However, most kids get plenty of variety and nutrition in their diets over the course of a week. Until your child's food preferences mature, consider these tips for preventing mealtime battles.
Serve meals and snacks at about the same times every day.
If you child chooses not to eat a meal, a regular snack time will offer an opportunity to eat nutritious food. You can provide milk or percent juice with the food, but offer water between meals and snacks. Allowing your child to fill up on juice, milk or snacks throughout the day might decrease his or her appetite for meals. Young children often touch or smell new foods, and might even put tiny bits in their mouths and then take them back out again.
Your child might need repeated exposure to a new food before he or she takes the first bite. Encourage your child by talking about a food's color, shape, aroma and texture — not whether it tastes good. Serve new foods along with your child's favorite foods. Keep serving your child healthy choices until they become familiar and preferred. Preparing a separate meal for your child after he or she rejects the original meal might promote picky eating.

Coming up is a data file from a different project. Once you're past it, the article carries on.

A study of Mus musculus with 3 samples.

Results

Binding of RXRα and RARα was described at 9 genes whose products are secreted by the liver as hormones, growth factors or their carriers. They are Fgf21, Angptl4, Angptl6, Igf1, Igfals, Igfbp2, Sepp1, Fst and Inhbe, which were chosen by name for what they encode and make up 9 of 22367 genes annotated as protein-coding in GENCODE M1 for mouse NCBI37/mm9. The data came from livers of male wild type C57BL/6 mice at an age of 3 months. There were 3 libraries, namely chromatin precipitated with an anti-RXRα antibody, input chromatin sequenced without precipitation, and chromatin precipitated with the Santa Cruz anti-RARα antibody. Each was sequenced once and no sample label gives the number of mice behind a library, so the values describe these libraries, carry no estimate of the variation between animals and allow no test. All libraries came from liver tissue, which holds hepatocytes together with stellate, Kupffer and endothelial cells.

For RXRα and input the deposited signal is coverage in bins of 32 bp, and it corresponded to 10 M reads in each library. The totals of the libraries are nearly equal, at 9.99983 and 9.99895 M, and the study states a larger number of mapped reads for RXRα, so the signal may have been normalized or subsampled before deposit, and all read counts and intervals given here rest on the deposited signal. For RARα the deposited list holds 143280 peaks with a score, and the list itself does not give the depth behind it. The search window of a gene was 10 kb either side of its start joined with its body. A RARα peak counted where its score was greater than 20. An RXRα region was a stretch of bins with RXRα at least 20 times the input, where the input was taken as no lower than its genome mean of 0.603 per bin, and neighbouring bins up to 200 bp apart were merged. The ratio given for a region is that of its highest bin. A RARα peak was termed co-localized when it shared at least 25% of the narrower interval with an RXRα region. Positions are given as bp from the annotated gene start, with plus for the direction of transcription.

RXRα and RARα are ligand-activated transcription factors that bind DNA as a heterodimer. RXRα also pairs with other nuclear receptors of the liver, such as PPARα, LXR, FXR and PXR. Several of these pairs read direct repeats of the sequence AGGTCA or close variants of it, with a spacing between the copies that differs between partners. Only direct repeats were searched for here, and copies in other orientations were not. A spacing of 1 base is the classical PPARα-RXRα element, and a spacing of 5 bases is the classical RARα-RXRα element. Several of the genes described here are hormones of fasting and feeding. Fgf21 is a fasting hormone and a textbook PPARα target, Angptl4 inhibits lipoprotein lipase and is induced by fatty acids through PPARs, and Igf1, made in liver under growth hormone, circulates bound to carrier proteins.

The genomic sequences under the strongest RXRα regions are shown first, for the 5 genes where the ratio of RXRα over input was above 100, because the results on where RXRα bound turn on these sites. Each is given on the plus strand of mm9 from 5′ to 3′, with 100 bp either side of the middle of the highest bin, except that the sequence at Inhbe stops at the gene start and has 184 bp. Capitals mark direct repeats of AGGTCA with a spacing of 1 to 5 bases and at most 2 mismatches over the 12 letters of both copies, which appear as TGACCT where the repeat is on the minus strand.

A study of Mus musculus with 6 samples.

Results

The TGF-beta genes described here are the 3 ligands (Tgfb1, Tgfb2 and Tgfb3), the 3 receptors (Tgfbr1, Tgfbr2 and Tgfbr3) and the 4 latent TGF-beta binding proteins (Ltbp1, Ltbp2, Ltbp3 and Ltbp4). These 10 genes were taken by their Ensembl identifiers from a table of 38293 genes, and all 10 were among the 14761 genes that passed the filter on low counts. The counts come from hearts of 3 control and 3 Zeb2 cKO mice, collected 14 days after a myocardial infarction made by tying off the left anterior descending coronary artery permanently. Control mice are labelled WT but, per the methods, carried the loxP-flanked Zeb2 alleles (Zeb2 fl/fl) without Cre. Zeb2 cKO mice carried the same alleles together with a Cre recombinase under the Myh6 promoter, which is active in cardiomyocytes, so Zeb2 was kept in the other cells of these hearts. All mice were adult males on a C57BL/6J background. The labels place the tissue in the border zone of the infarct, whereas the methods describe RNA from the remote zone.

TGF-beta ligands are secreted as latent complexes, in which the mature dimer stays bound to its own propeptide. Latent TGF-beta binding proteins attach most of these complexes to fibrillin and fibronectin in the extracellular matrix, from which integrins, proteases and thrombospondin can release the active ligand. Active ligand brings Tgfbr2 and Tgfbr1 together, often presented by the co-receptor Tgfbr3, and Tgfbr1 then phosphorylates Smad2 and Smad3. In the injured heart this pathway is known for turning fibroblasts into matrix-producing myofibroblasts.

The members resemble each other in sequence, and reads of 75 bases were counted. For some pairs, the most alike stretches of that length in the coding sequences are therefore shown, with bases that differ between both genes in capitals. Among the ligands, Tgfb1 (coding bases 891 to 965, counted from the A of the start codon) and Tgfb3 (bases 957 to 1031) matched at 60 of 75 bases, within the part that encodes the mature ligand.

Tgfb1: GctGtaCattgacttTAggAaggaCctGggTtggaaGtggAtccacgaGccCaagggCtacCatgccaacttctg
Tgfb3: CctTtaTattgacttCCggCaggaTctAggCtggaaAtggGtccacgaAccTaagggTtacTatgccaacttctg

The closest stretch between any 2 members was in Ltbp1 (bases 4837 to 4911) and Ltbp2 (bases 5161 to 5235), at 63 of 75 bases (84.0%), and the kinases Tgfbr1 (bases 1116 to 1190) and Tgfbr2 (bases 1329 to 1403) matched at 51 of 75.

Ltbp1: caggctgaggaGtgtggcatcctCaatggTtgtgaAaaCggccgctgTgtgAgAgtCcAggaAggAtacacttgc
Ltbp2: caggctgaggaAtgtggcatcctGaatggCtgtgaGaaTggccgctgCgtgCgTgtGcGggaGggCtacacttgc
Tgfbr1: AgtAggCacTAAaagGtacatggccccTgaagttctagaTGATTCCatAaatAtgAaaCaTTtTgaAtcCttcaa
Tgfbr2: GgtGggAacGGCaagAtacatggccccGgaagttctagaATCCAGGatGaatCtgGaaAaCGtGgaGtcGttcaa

Encourage your child to stay at the table for the designated mealtime — even if he or she doesn't eat. Serve broccoli and other veggies with a favorite dip or sauce. Cut foods into various shapes with cookie cutters. Offer breakfast foods for dinner. Serve a variety of brightly colored foods. At the grocery store, ask your child to help you select fruits, vegetables and other healthy foods.
Don't buy anything that you don't want your child to eat. At home, encourage your child to help you rinse veggies, stir batter or set the table.
You might select one or two nights a week as dessert nights, and skip dessert the rest of the week — or redefine dessert as fruit, yogurt or other healthy choices.
If you're concerned that picky eating is compromising your child's growth and development, consult your child's doctor. He or she can plot your child's growth on a growth chart. In addition, consider recording the types and amounts of food your child eats for three days. The big picture might help ease your worries.
A food log can also help your child's doctor determine any problems. In the meantime, remember that your child's eating habits won't likely change overnight — but the small steps you take each day can help promote a lifetime of healthy eating. Mayo Clinic does not endorse companies or products.
Remember to choose foods that are high in fiber and low in sodium or salt. Also, look for Vitamin D, an important mineral as we age. The healthiest foods are whole foods. These are often found on the perimeter of the grocery store in the produce, meat, and dairy sections. When you do eat packaged foods, be a smart shopper!
Read the labels to find items that are lower in fat, added sugars, and sodium. To maintain your weight, you must eat the right amount of food for your age and body. Water is an important nutrient too! Tea, coffee, and water are your best choices.